2013 has served as a benchmark for solar and wind, as they have reached the long-awaited point where they are cost-effective and cost-competitive with most other sources of electricity generation. Utilities everywhere, here and abroad, are jumping on the renewables wagon because they are now appearing to be the “best” new source of generation. Led by California, and an ever-growing list of commercial and industrial entities such as Apple, Google, Oracle, Ebay, even Walmart) “microgrids are emerging as a credible threat to the dominance of America’s 100-year-old-plus utility monopoly. The small-scale versions of centralized power systems, once just used against blackouts, are now gaining thousands of customers as homeowners in states with high power costs turn to them as a way to manage rooftop solar systems, cut electricity bills and, in some cases, say goodbye to their power companies” (1) This is just the tip of the proverbial iceberg, and its rapid growth has identified two major issues that will need to be seriously addressed.
First is the “problem” of intermittency of generation. The sun doesn’t always shine, and the wind doesn’t always blow; so the harvesting and storage of electricity from these sources is the next big challenge. Up to now, solar has been very effective in supplying “peak electricity,” displacing costly fossil fuel generators. But it has worked so well, that we are approaching times in some places where there is way more renewable electricity available than is demanded. (2)
Electricity storage is not really a new concept (remember, we are using stored energy from photosynthesis in our oil and gas), and a variety of new and diverse systems will be needed in the future. Back in the early years of nuclear power in California, PG&E proposed building the 2200MW Diablo Canyon twin nuclear reactors. At that time, this power plant would produce about 20% of PG&E’s supply. As with other large steam-driven generators, one cannot simply turn the system on or off to meet demand, such as a night. If Diablo Canyon came on line, it would create a major problem with all the other generators in the state. The solution was the construction of the Helms Project. (3) Two lakes at different elevations were identified in the Sierra Nevada Mountains, and a large tunnel was drilled between them. The water from the upper lake is controlled and during the day is released through the shaft to spin generators below to make electricity. However, this would eventually deplete the upper reservoir. So at night, the 2200MW from Diablo Canyon is used to reverse-pump the water in the lower lake back up to the upper lake, so it can be re-released again the next day when the demand for electricity was up. Pretty nifty! Helms produces about 1000MW when running during the day, and requires about 2000MW for back-pumping; so it around 50% efficient…1000MW of nuclear electricity is “lost,” but that is electricity for which there is no demand in the California grid system, and is deemed “losable.”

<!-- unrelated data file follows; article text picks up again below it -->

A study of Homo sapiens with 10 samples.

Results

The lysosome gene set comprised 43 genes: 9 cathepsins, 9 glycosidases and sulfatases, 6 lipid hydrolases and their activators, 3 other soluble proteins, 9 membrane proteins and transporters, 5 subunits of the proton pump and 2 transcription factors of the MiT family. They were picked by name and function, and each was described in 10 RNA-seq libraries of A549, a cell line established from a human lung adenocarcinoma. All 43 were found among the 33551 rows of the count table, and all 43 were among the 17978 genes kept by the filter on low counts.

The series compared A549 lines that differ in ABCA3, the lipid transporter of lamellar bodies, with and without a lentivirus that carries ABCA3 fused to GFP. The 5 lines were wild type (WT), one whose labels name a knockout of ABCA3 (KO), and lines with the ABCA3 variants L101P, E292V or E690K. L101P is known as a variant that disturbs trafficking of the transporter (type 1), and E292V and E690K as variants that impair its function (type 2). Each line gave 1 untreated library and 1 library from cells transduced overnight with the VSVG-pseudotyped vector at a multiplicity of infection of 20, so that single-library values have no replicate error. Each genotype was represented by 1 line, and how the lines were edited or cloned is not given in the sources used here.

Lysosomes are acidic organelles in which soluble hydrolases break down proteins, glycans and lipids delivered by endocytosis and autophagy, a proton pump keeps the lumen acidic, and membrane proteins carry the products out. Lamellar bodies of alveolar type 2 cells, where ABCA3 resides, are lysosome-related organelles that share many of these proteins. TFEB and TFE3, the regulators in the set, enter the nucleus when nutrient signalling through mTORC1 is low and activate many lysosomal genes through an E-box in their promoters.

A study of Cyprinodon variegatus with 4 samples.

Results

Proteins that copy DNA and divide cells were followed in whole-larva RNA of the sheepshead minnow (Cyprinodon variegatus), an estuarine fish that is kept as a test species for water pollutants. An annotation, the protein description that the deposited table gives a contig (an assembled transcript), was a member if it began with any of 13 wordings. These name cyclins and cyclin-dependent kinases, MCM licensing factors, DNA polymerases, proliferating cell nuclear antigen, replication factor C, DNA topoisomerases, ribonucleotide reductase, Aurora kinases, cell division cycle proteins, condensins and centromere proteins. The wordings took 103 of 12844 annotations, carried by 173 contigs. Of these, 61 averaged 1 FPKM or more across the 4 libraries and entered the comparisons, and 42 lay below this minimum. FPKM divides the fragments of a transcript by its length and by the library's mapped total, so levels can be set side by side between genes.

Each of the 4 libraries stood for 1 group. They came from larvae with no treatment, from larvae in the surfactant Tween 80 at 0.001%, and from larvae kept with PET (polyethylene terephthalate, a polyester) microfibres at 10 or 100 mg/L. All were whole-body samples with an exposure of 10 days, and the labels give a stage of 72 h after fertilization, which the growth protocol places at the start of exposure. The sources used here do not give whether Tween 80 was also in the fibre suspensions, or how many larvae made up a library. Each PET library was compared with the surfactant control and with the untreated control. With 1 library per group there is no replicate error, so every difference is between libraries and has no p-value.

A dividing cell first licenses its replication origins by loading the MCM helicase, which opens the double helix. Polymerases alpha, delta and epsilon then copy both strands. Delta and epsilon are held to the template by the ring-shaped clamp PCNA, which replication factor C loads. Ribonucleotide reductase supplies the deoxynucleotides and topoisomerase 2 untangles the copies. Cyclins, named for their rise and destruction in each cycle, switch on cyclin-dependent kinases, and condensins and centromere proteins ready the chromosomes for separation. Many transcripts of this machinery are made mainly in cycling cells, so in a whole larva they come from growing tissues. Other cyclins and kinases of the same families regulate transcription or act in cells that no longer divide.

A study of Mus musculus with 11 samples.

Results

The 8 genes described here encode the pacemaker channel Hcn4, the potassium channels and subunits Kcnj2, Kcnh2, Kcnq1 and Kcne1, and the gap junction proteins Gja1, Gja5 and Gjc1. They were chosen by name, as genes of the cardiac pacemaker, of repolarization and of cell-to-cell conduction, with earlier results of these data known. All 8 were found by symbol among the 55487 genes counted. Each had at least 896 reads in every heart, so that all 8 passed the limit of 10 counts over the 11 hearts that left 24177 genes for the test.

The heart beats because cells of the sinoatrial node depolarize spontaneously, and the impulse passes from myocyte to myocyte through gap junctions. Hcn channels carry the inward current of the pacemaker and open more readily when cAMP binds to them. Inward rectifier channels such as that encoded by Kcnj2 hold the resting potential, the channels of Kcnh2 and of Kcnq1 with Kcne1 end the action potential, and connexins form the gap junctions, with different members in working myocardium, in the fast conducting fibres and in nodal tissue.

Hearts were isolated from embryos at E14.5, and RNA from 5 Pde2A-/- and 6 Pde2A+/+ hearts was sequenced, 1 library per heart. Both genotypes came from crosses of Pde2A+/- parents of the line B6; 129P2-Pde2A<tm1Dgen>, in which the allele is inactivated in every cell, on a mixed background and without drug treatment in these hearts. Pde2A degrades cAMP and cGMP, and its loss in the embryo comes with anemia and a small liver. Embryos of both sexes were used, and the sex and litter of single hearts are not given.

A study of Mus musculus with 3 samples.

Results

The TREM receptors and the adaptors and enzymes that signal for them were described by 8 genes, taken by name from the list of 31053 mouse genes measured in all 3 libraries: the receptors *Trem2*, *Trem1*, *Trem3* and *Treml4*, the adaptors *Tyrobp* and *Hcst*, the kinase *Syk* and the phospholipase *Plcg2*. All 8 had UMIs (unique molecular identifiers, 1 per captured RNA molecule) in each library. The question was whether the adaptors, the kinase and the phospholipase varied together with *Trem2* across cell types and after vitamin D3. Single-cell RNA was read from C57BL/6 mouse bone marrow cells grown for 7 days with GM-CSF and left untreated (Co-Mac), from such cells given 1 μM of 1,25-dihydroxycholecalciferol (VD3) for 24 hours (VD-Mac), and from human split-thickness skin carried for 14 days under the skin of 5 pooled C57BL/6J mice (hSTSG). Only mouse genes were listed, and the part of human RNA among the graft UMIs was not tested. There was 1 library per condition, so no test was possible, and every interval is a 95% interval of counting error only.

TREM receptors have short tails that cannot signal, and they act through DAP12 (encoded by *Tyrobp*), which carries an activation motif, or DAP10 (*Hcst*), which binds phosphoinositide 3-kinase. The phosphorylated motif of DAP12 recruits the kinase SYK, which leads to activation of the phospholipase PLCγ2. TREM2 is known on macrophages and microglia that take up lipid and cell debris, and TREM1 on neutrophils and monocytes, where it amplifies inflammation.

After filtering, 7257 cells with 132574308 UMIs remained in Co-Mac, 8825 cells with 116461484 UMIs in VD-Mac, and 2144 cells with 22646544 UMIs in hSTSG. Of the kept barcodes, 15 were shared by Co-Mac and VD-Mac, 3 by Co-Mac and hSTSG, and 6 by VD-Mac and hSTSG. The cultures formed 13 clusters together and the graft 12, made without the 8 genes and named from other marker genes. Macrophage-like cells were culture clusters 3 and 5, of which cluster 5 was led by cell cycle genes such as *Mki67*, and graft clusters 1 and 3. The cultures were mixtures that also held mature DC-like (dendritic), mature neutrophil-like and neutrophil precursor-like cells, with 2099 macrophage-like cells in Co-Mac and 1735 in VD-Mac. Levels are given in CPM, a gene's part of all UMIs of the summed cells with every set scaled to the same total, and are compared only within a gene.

California, and other states and utilities, are exploring a wide variety of energy storage systems. Aside from pumped-storage of water, other technologies include compressed air storage in large cavities (such as those created by the extraction of oil and gas), batteries, ultra-high energy capacitors, and a whole range of new ideas. My bet is on Hydrogen…use renewable electricity to hydrolyze water into H2, store it on site, and then run it in a fuel cell to created electricity and a waste product of pure water, which can then be reused. Clean, fairly simple technology that already exists. Inefficient? Probably no worse that the 33% efficiency we get from traditional steam generation; and of course, the fuel is free and clean. The main argument is cost, and the implementation of this technology…but this too, will be addressed and overcome as the true value of the benefits of renewable electricity is slowly absorbed into our energy economic reality.
The other big issue created by this rapid growth of local, micro-generation is its impact on utilities, who claim they are forced to maintain large, inefficient grids supplying fewer and fewer customers. Also of concern is the price paid to individual generators who wind up putting electricity into the grid as their meters spin backwards. (4) This is reminiscent of what the automobile did to the horse industry, or what the cell phone has done/is doing to the land-line companies. One main challenge is to modernize and upgrade our national and local grids to accept the new energy resources of the future. Right-wing, fiscal conservative opposition is in full swing to defeat any recommended changes; but as renewables become mainstream, for economic and/or environmental reasons, electricity
supply and distribution will be very different in the future. Already, California is leading the way with new regulatory ideas and laws to encourage the continued growth of renewables.
The transition many have dreamed about is now upon us. It will not be easy, and not without mistakes and problems. It will take time, ingenuity, money, and most of all commitment for a safe, clean, affordable, and sustainable future. And most important of all – it produces local jobs. It is happening!